Liam McGeary figured he might be pretty good at fighting after that one time he punched out his father's teeth.
"I knocked one of his teeth out, a couple of them," McGeary said during a recent in-studio appearance on The MMA Hour.
Mind you, this act of violence wasn't some sort of family squabble. McGeary's father is a former boxer, and the pair were sparring.
"He was a boxer back in the day, he likes to have a good fight," the 32-year-old native of England said. "It was just sparring back when I was growing up. I was training in Jersey and he was there, and we went a few rounds. Me and him are boys, he's my best friend. We get on really, really well."
That's a good thing, because as it turns out, McGeary's gone from re-arranging his dad's face to the brink of an MMA championship. McGeary, who is 9-0 with nine finishes, challenges Emanuel Newton for the Bellator light heavyweight title Friday night in the main event of Bellator 134 in Uncasville, Conn.
Dad will make the trip over from England to watch what he hopes will be his son's crowning moment.
"He's happy I've come this far, coming over to America fighting for the world title," McGeary said. "I never thought I'd be doing this."
McGeary, whose six Bellator fights have all ended in first-round finishes, admits he got into his fair share of bar brawls back in the day. And while he made great strides as a professional fighter, he got an inkling of how much more ground he still has to cover when he was asked to come train with Daniel Cormier at the American Kickboxing Academy gym.
The British light heavyweight came in to help DC train for his bout with Jon Jones, but before he could be of much help, McGeary had to get used to his big-league surroundings.
"These are big-name guys, big pictures all the way around the gym," McGeary said. "I'm still new to this game. I'm 9-0, I've only been here a couple years. To get invited to these people, and train with them -- Cain Velasquez is wandering around the gym, Luke Rockhold, DC himself -- it was a great feeling. It was very surreal. It was a few days to find my feet, then I just settled in."
He also crossed paths with a guy who he very well might meet in the cage one of these days, fellow Bellator 205er "King Mo" Lawal. But if you're expecting any trash talk, guess again.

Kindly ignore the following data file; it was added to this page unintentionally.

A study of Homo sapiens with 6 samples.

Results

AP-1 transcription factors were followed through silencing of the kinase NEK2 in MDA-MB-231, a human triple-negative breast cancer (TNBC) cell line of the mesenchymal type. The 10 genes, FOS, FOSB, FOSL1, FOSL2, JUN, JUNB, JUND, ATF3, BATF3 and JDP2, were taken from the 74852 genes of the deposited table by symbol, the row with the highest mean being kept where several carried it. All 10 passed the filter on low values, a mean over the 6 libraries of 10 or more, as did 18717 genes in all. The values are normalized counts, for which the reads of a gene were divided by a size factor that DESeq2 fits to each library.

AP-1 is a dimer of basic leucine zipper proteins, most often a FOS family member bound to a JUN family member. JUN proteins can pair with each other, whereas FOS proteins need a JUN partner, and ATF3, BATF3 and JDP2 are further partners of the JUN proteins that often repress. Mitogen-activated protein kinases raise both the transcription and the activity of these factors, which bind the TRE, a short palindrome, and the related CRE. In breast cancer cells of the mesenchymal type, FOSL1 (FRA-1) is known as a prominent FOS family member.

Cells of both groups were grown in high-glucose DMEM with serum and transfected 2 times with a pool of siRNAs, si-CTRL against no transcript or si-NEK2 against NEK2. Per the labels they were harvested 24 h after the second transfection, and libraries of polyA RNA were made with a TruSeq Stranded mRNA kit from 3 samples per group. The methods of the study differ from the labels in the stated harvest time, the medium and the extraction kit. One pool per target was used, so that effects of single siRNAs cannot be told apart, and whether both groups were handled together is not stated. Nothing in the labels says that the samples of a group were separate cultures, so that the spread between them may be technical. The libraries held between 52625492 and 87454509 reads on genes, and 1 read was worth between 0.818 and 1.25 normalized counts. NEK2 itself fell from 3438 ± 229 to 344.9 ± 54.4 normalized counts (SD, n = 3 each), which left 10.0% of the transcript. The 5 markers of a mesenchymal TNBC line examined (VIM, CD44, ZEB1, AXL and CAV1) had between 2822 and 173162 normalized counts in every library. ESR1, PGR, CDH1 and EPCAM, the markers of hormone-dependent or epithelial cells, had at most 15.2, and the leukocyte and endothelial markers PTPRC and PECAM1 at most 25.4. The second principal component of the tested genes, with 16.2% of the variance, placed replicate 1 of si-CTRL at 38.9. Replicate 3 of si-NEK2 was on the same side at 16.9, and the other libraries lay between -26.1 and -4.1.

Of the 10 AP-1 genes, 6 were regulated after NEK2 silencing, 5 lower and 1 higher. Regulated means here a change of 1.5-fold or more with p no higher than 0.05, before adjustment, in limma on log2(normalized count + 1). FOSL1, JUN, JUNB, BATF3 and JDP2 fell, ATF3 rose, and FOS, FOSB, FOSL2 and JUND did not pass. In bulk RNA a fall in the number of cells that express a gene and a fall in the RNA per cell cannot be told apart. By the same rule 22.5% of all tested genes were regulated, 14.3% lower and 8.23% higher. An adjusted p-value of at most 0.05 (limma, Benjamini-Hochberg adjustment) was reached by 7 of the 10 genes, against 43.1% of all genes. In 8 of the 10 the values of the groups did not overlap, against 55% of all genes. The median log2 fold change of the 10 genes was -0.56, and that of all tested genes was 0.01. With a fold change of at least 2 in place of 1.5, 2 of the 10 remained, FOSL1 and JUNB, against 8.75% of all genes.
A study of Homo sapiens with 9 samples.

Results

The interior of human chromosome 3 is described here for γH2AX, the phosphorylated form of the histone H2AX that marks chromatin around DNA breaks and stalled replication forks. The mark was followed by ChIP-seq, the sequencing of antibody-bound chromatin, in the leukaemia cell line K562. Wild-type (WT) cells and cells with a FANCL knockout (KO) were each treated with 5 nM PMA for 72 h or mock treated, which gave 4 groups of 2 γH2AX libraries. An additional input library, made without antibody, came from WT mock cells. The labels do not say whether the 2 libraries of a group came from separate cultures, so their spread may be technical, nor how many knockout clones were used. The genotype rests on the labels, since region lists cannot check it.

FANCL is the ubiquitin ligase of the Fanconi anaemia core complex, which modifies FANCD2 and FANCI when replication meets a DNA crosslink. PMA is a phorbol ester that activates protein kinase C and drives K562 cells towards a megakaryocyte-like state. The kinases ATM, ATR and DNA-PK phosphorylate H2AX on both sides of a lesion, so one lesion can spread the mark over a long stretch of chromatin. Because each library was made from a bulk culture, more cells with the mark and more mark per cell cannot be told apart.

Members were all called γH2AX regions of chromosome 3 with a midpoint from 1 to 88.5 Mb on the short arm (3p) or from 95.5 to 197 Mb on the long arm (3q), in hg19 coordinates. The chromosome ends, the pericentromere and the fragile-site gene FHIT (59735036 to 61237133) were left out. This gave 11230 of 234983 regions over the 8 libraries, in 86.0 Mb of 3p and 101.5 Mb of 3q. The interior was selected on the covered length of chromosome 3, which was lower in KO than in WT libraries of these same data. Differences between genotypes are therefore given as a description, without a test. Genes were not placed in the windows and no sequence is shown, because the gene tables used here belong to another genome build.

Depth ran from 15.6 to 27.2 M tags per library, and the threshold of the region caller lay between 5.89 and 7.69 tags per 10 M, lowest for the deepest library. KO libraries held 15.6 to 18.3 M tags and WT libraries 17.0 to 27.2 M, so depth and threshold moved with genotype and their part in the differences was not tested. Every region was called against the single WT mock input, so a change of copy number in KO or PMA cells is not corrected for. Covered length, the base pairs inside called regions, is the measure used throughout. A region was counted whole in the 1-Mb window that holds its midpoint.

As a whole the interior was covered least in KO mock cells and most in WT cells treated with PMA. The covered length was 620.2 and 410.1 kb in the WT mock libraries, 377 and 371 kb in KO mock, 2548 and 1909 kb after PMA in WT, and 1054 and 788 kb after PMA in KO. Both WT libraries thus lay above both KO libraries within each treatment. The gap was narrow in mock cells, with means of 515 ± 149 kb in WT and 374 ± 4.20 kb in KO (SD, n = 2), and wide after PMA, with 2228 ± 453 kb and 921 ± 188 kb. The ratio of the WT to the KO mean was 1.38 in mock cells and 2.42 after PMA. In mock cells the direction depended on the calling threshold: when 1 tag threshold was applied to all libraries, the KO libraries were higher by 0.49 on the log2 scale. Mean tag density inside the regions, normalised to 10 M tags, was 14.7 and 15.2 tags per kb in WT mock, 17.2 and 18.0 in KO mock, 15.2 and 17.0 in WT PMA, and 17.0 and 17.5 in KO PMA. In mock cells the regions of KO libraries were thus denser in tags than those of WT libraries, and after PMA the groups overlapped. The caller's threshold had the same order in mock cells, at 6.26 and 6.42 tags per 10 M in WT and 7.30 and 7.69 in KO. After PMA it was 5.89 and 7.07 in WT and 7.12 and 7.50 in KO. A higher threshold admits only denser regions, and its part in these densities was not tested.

"He was doing his thing, I was doing my thing," McGeary said. "We never got into it. The thing is, he's a real good dude. He's a nice guy. I never really met him, just seen him on TV before, but when I spoke to him, he was a real nice guy."
All in all, McGeary feels he learned much from his time with AKA which has helped him prepare for Friday night's camp.
"To jump into middle of a training camp was intense," McGeary said. "A complete eye opener. The cardio classes, sparring, this is how proper MMA fighters train. When I came back I took a couple things back and my training camp has been just as intense. I see how he was preparing for his fight with Jon Jones and I worked hard."
McGeary is well aware that come Friday, he'll face one of the sport's most unconventional competitors in Newton. The fighter known as "The Hardcore Kid" has been taken for granted every step along his way to the championship, and he's made many an opponent pay during a run in which he's won seven straight and 14 of his past 15.
"He's unorthodox," McGeary said of the spinning back fist-throwing Newton. "I do my thing, he does his thing. You can't take anything away from him. He's a tough guy. He's the champion, and he's champion for a reason. I think a lot of people underestimate him. That's one thing I'm not going to do. I'm not going to underestimate him, because I know he can knock people out. He can take a punch. He's a tough dude. I'll fight my fight."